Car Bomb Kills Anti-Syria Editor in Lebanon


A previously unknown group claimed responsibility, saying Gibran Tueni was "spreading poisons and lies despite our repeated warnings to him."

Tueni played a major role in the huge demonstrations that, combined with international pressure, forced Syria to withdraw its troops from Lebanon in April, ending a 29-year presence in the neighboring country. Those demonstrations were triggered by a February car bomb that killed former Prime Minister Rafik Hariri.

Tueni's uncle, Telecommunications Minister Marwan Hamadeh, and the leading Lebanese politician Walid Jumblatt blamed Syria for the bombing — a charge Syria denied.

Pro-Syrian President Emile Lahoud, a frequent target of Tueni's verbal assaults, described the slain journalist as "one of the symbols of freedom in Lebanon."

In Washington, the White House strongly condemned the bombing and called Tueni a "Lebanese patriot."

"His murder is another act of terrorism aimed at trying to subjugate Lebanon to Syrian domination," White House spokesman Scott McClellan said.

"This savage attack is clearly intended to intimidate those in Lebanon who would courageously and openly speak their minds."

McClellan said it was too early to know who was responsible for the attack.

Germany also condemned the killing.

Lebanese Prime Minister Fuad Saniora said he will ask the United Nations to set up a new inquiry into Tueni's slaying and previous bombings and to create an international tribunal to try suspects in Hariri's killing.

"The matter transcends individual assassination and threatens the fate of a people and its future," he said.

The Cabinet was due to meet later Monday.

Police said Tueni was one of three people killed when a bomb exploded as his motorcade drove through Mkalles, an industrial suburb of Beirut. The others killed were his driver and an unidentified passer-by.

Another 30 people were wounded in the bombing, which started a fire that destroyed at least 10 vehicles.

Jumblatt said the bombing was intended to silence a voice seeking those responsible for Hariri's assassination. Tueni, 48, was a respected columnist and the general manager of An-Nahar, the country's leading newspaper. His writings often raised the ire of Syria.

"This is a new terrorism message," Jumblatt said.

A previously unknown group, "The Strugglers for the Unity and Freedom in al-Sham," claimed responsibility. Al-Sham is Arabic for the eastern Mediterranean region that includes Lebanon, Syria, Israel and the Palestinian areas.

"We have broken the pen of Gibran Tueni and gagged his mouth forever, turning An-Nahar into a dark night," it said.

"An-Nahar" is Arabic for "day."

"He who contemplates attacking those who have sacrificed everything for the sake of Arabism and Lebanon will face the same fate as ... Tueni," the purported claim said.

The statement's authenticity could not be confirmed independently.

Lebanon has been rocked by bombings since Hariri's killing. The attacks have mainly targeted journalists and politicians known to be opposed to Syrian influence in Lebanon.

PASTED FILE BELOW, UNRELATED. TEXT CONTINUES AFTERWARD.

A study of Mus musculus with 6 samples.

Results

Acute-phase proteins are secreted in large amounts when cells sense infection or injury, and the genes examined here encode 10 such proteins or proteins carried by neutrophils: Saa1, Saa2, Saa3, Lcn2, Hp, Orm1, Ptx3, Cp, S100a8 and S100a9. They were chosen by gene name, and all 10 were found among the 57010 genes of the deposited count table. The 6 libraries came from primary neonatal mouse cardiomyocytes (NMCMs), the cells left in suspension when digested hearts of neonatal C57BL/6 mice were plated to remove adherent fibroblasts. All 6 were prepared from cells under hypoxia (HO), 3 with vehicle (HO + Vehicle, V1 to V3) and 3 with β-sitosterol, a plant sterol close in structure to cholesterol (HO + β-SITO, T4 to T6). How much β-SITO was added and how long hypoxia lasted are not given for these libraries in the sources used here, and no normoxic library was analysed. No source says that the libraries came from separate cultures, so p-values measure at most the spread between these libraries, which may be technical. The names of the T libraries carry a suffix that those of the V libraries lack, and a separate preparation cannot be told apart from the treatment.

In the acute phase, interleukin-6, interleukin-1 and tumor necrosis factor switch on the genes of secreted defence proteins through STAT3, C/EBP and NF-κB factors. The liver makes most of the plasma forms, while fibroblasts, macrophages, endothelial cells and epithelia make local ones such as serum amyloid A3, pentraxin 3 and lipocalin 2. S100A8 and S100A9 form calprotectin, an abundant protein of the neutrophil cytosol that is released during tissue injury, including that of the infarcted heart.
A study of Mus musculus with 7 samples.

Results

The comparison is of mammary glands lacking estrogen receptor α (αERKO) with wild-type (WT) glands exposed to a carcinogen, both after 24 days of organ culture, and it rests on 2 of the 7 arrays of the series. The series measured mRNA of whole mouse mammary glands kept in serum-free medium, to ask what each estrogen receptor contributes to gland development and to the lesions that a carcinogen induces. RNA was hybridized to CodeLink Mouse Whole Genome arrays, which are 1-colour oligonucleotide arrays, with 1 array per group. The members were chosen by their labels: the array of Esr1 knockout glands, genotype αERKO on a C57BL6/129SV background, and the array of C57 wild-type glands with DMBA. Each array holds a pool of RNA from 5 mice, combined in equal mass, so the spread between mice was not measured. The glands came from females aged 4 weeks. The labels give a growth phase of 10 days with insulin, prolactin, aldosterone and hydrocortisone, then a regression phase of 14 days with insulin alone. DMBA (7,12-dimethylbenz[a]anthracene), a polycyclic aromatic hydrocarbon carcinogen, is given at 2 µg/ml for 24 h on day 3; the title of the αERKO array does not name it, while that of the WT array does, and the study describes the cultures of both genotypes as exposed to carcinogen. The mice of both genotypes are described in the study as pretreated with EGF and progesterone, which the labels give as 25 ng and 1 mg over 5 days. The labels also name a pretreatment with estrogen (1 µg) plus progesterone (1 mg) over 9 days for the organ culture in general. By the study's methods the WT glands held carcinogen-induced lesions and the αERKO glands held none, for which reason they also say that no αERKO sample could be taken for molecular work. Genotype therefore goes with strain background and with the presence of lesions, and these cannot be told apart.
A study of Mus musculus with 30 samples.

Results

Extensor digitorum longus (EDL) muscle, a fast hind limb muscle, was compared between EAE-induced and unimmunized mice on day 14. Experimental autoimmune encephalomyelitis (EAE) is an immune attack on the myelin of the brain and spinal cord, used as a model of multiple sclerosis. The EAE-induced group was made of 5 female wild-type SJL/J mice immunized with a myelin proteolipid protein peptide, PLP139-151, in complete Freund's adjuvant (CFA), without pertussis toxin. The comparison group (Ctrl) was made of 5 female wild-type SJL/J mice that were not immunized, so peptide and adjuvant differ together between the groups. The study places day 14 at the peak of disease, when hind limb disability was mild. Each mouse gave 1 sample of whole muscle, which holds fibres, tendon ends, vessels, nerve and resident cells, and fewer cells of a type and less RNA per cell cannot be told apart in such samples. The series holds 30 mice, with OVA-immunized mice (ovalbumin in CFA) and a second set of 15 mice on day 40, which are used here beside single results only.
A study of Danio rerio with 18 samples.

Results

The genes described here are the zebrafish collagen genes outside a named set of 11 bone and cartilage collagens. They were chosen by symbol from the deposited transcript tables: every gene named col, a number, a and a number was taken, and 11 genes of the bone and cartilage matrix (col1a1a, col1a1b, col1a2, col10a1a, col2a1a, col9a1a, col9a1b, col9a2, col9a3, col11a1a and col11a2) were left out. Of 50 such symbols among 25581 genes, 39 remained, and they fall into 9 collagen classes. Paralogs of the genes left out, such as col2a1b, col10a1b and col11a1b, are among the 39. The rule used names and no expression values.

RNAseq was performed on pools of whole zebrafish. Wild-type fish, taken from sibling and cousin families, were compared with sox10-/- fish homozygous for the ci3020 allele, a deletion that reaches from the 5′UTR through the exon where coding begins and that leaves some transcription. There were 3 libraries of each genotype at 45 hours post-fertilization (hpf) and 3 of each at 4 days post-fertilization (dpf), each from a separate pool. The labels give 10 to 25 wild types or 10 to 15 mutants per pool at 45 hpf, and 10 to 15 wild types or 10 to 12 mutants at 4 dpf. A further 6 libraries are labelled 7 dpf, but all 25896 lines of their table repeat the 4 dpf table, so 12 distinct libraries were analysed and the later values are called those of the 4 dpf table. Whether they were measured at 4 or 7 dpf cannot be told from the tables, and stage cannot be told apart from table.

Monday's attack came a day after the chief U.N. investigator into Hariri's assassination, Detlev Mehlis, delivered his latest report to Secretary-General Kofi Annan. The report said new evidence has reinforced investigators' belief that Syrian and Lebanese intelligence services were likely involved in Hariri's assassination.

Mehlis' earlier report, delivered in October, implicated top Syrian and Lebanese security officials. Syria denies involvement and says it is cooperating with the probe.

Preliminary information said Monday's bomb contained 88 pounds of TNT. The blast tossed several cars, including Tueni's armor-plated vehicle, into a ravine and shattered the windows of nearby shops and buildings.

Tueni was elected to parliament for the first time during May and June polls. He returned to Lebanon on Sunday from Paris, where he has been staying most of the past few months out of fear for his safety.

Tueni's grandfather, Gibran Tueni, founded An-Nahar. His father, Ghassan Tueni, turned the newspaper into an institution respected across the Arab world.

"God have mercy on Gibran and An-Nahar will remain the beacon for freedom," Jumblatt told LBC television.

Tueni's death triggered an outpouring of grief. Bells of Orthodox churches tolled in the Christian quarter of Ashrafieh, Tueni's constituency, and mourners descended on the newspaper's office.

Hariri was seen as a quiet opponent of Syria's dominance of the country. His assassination provoked the mass demonstrations against that helped drive Syria out of the country in April.

Hamadeh threatened to withdraw from the Cabinet with two colleagues if the government did not demand a U.N. investigation into the string of bombings. He said there must be an international tribunal to "investigate the continuing crimes of the Syrian regime."

Syrian Information Minister Mehdi Dakhlallah denied his government was involved, telling LBC television: "Those who are behind this are the enemies of Lebanon."

Syria has waged a campaign to discredit the U.N. inquiry into Hariri's death.

In an interview broadcast on Russian television Sunday, Syrian President Bashar Assad reiterated his country's innocence and said any attempt to impose sanctions against Syria would destabilize the region.

Jumblatt told LBC on Monday: "It looks as if the destabilization has started. But we will respond by continuing to demand the truth."